Olmert gives landmark speech at Ben Gurion ceremony

Tuesday, November 28, 2006 |  by Staff Writer
Prime Minister Ehud Olmert took advantage of the memorial ceremony commemorating 33 years since the death of Israel’s first Prime Minister David Ben-Gurion to outline his new political agenda for peace with the Palestinians. The speech came at the conclusion of a ceremonial cabinet meeting held at the Sde Boker Institute in the Negev where the cabinet approved a $400 million plan to strengthen the Negev.

Olmert’s speech was political in nature and addressed the need for the Palestinians to establish a stable government in order to move forward. “If a new Palestinian government is established – a government which will be committed to the principles of the Quartet, implement the Roadmap and bring about the release of Gilad Shalit, I will invite Abu-Mazen to meet with me immediately, in order to conduct a real, open, genuine and serious dialogue between us. In the framework of this dialogue, and in accordance with the Roadmap, you will be able to establish an independent and viable Palestinian State, with territorial contiguity in Judea and Samaria – a State with full sovereignty and defined borders,” he said.

Olmert added that the Palestinian people are standing at the cusp of a historical junction. “The terror, violence, murders and incessant attacks against the citizens of Israel are liable to lead us closer to a new and painful wave of terrible violence. The uncompromising radicalism of your terror organizations did not bring you closer to attaining the goal which I am convinced many of you share – the establishment of a Palestinian state, which will guarantee you a future of prosperity and which will exist in good neighborly relations side-by-side with the State of Israel,” Olmert said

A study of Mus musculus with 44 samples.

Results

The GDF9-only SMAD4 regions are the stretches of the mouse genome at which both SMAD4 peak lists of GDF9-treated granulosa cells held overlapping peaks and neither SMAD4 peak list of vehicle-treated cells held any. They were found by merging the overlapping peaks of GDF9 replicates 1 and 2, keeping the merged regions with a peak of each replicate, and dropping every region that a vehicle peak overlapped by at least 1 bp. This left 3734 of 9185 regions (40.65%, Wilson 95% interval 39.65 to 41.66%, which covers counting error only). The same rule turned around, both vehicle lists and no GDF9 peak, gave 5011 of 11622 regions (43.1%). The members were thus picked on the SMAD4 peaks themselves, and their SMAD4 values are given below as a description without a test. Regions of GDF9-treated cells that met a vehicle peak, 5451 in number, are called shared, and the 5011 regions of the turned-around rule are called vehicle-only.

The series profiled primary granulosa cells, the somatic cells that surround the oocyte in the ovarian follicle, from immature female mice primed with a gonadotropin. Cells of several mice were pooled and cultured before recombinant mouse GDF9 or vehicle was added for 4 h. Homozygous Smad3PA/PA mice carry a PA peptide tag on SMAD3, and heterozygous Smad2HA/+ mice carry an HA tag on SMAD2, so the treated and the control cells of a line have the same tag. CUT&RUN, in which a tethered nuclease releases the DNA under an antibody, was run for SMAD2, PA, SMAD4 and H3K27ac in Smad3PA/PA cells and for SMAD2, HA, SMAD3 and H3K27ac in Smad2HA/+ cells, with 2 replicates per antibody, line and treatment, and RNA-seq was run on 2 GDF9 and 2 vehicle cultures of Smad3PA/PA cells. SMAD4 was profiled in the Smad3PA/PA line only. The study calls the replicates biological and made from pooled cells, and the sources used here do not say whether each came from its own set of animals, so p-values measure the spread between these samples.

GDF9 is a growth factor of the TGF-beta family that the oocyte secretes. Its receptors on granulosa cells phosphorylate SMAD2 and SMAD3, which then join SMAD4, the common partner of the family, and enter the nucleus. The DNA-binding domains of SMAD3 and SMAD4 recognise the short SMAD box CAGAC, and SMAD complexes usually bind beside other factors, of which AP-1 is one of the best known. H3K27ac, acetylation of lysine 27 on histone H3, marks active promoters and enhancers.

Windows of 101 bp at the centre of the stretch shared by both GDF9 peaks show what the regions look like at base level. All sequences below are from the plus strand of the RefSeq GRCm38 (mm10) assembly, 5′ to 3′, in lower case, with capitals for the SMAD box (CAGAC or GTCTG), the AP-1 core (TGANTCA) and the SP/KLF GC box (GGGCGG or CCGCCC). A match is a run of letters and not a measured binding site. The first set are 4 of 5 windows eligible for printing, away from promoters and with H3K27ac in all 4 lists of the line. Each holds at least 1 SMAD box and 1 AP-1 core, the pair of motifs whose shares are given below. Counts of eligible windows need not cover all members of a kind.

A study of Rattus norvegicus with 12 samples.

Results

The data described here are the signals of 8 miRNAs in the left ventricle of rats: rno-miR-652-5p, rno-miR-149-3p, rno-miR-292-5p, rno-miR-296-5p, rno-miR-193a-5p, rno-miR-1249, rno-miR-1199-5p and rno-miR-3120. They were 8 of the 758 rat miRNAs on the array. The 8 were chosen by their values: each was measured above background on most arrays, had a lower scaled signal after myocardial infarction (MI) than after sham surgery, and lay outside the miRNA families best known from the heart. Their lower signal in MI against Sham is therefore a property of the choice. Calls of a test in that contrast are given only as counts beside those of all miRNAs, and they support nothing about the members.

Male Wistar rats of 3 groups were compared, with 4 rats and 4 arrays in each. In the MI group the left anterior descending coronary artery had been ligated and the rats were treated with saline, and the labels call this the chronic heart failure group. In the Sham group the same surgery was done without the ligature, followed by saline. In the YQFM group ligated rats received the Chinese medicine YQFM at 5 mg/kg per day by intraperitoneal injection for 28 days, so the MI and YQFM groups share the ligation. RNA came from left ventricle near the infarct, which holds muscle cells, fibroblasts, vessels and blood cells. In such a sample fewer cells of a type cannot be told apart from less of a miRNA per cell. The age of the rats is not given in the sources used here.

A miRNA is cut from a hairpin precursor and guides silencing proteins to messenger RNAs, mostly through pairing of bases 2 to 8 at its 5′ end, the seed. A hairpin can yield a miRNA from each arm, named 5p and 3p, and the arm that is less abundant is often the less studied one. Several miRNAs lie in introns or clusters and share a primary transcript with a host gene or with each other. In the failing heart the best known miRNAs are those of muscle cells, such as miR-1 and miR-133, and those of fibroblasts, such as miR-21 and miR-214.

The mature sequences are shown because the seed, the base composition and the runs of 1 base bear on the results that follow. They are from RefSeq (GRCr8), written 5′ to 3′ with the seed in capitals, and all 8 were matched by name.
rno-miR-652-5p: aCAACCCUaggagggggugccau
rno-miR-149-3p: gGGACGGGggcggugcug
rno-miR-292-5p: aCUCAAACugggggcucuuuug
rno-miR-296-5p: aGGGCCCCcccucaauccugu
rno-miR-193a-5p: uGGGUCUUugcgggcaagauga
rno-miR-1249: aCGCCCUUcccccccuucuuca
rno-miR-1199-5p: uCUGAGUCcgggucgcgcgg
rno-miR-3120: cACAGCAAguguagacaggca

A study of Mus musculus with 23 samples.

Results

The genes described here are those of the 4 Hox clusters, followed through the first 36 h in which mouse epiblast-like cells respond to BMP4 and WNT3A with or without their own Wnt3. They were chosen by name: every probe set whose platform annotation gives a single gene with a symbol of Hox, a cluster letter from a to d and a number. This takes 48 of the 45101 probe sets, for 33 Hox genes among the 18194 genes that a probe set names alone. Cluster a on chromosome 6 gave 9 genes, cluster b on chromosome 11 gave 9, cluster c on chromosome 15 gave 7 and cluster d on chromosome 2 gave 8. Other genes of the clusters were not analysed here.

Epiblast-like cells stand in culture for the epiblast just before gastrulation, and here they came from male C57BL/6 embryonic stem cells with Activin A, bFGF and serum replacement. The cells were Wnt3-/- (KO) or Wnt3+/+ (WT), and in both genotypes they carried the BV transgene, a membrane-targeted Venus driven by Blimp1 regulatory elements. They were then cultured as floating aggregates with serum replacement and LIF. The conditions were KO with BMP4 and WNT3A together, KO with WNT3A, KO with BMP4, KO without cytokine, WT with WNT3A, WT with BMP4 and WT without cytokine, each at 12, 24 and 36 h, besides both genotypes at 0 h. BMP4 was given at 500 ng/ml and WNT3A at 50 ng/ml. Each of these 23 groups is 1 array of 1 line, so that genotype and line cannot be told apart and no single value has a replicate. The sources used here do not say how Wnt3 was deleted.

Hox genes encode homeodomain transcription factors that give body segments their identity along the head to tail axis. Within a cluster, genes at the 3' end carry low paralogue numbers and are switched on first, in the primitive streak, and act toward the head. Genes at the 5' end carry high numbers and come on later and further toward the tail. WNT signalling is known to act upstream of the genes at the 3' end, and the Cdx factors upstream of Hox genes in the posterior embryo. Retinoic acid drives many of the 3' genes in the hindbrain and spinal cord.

Referring to the current fragile ceasefire, Olmert said that the process actually started on Sunday. “We embarked on this path – and I hope that it will lead us forward towards the goal we all aspire to – peace, tranquility and mutual trust. We are ready and willing to pursue this path, and persevere until we reach the sought-after solution.”

Olmert then suggested renewing the negotiations with a Palestinian government which will accept the conditions set by the Quartet and said that “in this framework, the borders of the State of Israel will be defined, in accordance with President Bush's April 14th, 2004 letter to Prime Minister Ariel Sharon.” He said that these borders will be different from the territories currently under Israel's control.

On the issue of kidnapped soldier Gilad Shalit, Olmert declared that when he is released and returned to his family, Israel will be willing to release numerous Palestinian prisoners in return.

Olmert also promised to significantly diminish the number of roadblocks, increase freedom of movement in the territories, facilitate movement of people and goods in both directions, improve the operation of the border crossings to the Gaza Strip, and release Palestinian funds for the purpose of alleviating their humanitarian hardship.